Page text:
The house lights went down and I held my breath. The music started and Willy Wonka came through the curtain, lit by a followspot. I relaxed a little. It was opening night, packed auditorium. Sarah was backstage on headset, coordinating the activities of the running crew.
An invisible show happens behind and underneath what the audience sees. Curtains fly, lights go up and down, sets move, all because of stagehands and technicians. The stage manager coordinates their activity prior to and during the performance. It requires a cool head, a wide understanding of theater craft, and comprehensive knowledge of the production.
It was an exciting moment in my house when Sarah announced she’d been chosen as stage manager for the New Hartford Junior High production, Willy Wonka Jr. As far as Sarah’s concerned, that’s better than the lead. For two years now, stage management has been her college and career goal, and the fever only grows. I figure anybody who can stay awake through 25 run-throughs of Our Town must love theater.
During rehearsals, some of the student crew quit, some were fired. About one of those I asked, “I thought you were friends?” Sarah replied, “We are. This is business, not personal.” She created a position I’d never thought of – call it “stage manager’s morale booster.” Sarah: “I needed someone to make sure I didn’t stress out. She tells me I’m doing a good job and everything’s going to be OK.” That’s kind of impressive; what’s more, there was a waiting list of applicants for the job.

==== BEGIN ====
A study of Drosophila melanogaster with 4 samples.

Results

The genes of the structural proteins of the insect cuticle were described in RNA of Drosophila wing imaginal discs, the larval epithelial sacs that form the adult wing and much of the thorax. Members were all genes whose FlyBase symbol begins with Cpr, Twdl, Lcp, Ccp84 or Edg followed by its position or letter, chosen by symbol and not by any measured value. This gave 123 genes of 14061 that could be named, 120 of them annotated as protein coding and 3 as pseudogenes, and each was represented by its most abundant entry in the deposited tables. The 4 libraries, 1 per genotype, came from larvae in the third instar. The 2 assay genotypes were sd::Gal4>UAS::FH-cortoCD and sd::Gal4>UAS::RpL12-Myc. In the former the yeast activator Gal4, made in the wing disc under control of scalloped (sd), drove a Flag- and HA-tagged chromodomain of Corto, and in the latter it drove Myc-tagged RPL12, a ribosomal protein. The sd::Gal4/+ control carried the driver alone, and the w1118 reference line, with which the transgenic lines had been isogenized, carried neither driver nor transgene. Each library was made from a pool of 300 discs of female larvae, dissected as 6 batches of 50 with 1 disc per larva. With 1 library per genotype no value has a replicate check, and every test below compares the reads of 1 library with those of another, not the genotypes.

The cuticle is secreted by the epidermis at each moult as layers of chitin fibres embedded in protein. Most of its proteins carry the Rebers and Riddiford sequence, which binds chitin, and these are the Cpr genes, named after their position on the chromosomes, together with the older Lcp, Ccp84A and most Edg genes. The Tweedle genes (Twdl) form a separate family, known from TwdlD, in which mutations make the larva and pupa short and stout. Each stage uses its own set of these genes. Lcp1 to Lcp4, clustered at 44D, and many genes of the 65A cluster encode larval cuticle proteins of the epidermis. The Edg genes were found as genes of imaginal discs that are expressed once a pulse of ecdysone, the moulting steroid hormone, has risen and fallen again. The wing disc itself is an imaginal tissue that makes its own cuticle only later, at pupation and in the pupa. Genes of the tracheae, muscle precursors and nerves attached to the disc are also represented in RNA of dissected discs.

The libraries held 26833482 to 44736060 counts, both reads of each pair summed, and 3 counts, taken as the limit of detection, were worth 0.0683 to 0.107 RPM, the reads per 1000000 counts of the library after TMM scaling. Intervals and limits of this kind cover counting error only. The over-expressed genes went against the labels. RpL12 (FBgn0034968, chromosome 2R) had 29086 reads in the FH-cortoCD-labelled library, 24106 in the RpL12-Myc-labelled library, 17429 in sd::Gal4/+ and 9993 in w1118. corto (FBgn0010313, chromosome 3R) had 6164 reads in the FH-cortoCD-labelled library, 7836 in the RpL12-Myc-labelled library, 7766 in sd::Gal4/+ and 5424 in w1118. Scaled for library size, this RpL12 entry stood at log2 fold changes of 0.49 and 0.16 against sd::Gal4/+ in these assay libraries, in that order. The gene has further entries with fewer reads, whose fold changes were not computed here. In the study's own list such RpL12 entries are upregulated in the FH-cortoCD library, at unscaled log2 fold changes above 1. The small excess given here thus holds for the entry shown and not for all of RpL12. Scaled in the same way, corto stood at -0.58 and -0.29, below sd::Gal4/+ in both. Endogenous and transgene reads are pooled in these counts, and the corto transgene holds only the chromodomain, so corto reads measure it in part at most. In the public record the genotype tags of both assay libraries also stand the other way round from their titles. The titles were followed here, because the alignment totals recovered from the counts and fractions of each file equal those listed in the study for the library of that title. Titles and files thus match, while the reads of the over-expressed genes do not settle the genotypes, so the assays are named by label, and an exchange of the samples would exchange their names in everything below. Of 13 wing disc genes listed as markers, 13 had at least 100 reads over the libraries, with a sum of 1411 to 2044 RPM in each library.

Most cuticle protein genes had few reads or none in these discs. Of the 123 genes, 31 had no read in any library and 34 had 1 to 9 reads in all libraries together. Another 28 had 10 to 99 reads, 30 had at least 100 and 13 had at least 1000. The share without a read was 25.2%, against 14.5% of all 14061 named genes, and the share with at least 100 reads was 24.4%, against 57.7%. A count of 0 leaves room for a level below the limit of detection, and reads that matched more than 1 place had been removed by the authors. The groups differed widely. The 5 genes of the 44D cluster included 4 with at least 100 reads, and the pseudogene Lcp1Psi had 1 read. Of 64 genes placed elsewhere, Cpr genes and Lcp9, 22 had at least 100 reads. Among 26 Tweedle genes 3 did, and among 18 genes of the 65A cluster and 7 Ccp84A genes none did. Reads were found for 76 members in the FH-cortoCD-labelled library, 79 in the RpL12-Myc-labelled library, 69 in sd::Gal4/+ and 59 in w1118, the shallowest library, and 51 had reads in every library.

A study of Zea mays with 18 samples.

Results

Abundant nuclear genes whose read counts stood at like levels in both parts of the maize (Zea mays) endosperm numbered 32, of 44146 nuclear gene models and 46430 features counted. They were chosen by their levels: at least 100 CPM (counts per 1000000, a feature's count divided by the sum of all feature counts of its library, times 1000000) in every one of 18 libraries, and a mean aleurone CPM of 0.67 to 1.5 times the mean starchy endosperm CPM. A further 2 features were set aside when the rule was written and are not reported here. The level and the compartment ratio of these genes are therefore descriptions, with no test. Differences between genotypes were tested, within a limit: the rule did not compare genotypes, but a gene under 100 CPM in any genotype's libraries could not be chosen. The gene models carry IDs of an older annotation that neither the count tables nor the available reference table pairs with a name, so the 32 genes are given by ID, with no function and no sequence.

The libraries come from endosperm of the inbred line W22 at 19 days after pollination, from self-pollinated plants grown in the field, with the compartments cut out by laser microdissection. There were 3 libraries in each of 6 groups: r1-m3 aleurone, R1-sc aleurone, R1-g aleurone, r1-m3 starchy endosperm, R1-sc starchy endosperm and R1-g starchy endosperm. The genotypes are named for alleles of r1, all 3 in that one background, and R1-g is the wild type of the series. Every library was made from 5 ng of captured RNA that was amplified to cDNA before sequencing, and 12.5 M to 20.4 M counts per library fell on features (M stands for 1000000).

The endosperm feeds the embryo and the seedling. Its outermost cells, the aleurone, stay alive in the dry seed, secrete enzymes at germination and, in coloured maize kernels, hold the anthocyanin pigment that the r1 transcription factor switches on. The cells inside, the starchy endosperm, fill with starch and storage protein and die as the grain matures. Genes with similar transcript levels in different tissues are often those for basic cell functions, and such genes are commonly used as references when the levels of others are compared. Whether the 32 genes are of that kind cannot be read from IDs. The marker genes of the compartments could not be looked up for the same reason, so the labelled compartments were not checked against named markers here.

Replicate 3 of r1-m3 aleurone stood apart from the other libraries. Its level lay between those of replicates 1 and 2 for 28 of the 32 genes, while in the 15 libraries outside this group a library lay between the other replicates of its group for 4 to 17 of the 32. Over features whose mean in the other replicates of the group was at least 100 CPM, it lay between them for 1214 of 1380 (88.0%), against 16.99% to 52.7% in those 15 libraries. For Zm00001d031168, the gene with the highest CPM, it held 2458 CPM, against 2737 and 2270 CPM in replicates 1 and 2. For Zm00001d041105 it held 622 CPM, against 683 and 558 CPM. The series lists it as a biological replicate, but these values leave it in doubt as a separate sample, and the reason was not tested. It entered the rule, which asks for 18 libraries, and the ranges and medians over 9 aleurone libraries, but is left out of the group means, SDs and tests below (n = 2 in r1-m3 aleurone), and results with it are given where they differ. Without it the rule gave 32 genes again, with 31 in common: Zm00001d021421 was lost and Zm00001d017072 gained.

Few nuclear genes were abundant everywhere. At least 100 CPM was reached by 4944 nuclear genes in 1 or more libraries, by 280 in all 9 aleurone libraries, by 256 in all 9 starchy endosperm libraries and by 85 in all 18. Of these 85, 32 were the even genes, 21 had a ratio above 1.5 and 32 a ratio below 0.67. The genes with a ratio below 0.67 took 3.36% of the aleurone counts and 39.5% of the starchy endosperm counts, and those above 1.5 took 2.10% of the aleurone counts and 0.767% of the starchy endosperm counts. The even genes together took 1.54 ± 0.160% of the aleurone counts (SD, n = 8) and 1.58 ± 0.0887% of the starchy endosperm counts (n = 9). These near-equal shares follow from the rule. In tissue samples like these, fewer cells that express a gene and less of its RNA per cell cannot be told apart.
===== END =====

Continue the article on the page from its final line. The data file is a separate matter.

About 30 minutes into the show, the curtain closes, the stage lights fade and the followspots open in different places. The cues happen quickly; six people working together, timed just right. I held my breath, imagining the instructions being delivered over the headsets. Behind the curtain, the chocolate factory was being moved into place. In front of the curtain the actors gathered together, while a followspot slowly irised around them and finally closed to just Willy Wonka’s head. Then the light went out, and the actors lined up in the dark. The curtain opened on a transformed stage, brilliantly colorful. The silhouettes of the performers slowly melted into the scene with the final light cue. The audience applauded.
I applauded the spectacle along with everyone else, but my deeper satisfaction was pride (not just parental). I knew how difficult the maneuver had been, how many things might have gone wrong, or even not as right. And this was a student crew, running their own show. The rest went by in a blur; I registered the applause and noted more well-executed technical bits. My spine tickled with happy shivers, impressed at what the kids had pulled off, relieved the first show was in the bag.
During one rehearsal, Susan filled in when somebody had to leave early. She listened to Sarah on the headset, and later told me “It sounded like a younger, female version of you calling cues.” (Good heavens.) Frankly, it took me ten years to get that good. It’s an interesting and not at all unpleasant sensation to watch your children exceed you. I’m looking forward to what’s next. I’ll be there, ticket in hand.
“This is a warning for lights 35 and spot one on Willy, 3/4 body. And……… Go.”